A desperate young man plans the perfect crime -- the murder of a despicable pawnbroker, an old women no one loves and no one will mourn. Is it not just, he reasons, for a man of genius to commit such a crime, to transgress moral law -- if it will ultimately benefit humanity? So begins one of the greatest novels ever written: a powerful psychological study, a terrifying murder mystery, a fascinating detective thriller infused with philosophical, religious and social commentary.
Raskolnikov, an impoverished student living in a garret in the gloomy slums of St. Petersburg, carries out his grotesque scheme and plunges into a hell of persecution, madness and terror. Crime And Punishment takes the reader on a journey into the darkest recesses of the criminal and depraved mind, and exposes the soul of a man possessed by both good and evil...a man who cannot escape his own conscience.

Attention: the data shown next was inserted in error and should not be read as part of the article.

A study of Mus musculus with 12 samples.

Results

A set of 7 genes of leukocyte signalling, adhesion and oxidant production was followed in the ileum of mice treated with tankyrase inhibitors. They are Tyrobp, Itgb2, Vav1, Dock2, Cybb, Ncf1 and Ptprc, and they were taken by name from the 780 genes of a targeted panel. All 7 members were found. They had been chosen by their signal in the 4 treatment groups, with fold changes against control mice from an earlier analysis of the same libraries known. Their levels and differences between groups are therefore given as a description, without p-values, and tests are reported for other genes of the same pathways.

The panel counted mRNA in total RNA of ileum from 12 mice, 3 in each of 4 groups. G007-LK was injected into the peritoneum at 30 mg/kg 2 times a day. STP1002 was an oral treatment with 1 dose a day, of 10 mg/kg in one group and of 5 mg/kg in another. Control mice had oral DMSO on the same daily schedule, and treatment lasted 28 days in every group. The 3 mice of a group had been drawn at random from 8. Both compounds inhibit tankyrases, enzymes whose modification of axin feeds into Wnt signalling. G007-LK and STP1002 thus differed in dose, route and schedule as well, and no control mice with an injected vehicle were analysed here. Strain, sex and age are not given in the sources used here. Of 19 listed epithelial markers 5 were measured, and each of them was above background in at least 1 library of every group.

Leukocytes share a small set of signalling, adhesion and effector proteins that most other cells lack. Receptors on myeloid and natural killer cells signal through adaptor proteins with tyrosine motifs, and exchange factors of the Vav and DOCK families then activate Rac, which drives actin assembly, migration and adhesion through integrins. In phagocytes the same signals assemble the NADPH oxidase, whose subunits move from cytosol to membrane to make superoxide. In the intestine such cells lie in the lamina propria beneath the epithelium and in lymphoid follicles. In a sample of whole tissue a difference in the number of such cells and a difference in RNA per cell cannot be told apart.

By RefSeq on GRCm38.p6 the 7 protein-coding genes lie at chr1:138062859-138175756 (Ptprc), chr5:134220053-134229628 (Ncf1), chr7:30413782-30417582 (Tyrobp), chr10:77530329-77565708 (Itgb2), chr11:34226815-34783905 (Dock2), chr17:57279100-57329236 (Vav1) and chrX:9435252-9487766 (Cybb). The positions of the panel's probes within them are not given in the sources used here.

Translated by Constance Garnett with an Introduction by Joseph Frank
About the Author
Fyodor Dostoyevsky (1821–1881) was a Russian novelist, journalist, and short-story writer whose novels Crime and Punishment and The Brothers Karamazov rank among the greatest of the nineteenth century. Dostoevsky was no stranger to adversity and struggle. Born into a family of nine in October 1821, his mother died when he was sixteen, causing the family split up. After Dostoevsky was sent to a military academy with his brother, their army surgeon father was murdered by his own serfs. Even his first wife (whose traits, critics say, manifest themselves in the character of Katerina Ivanvna) died of tuberculosis. Though his first book, Poor Folk, earned him an invitation into the Natural School of Russian Literature in the 1840s, he was convicted of subversion against Tsar Nicholas I in 1849 and exiled to Siberia. By the time Crime and Punishment was published in 1866, he had returned from exile and prison, and had developed the bleak outlook that pervades the novel.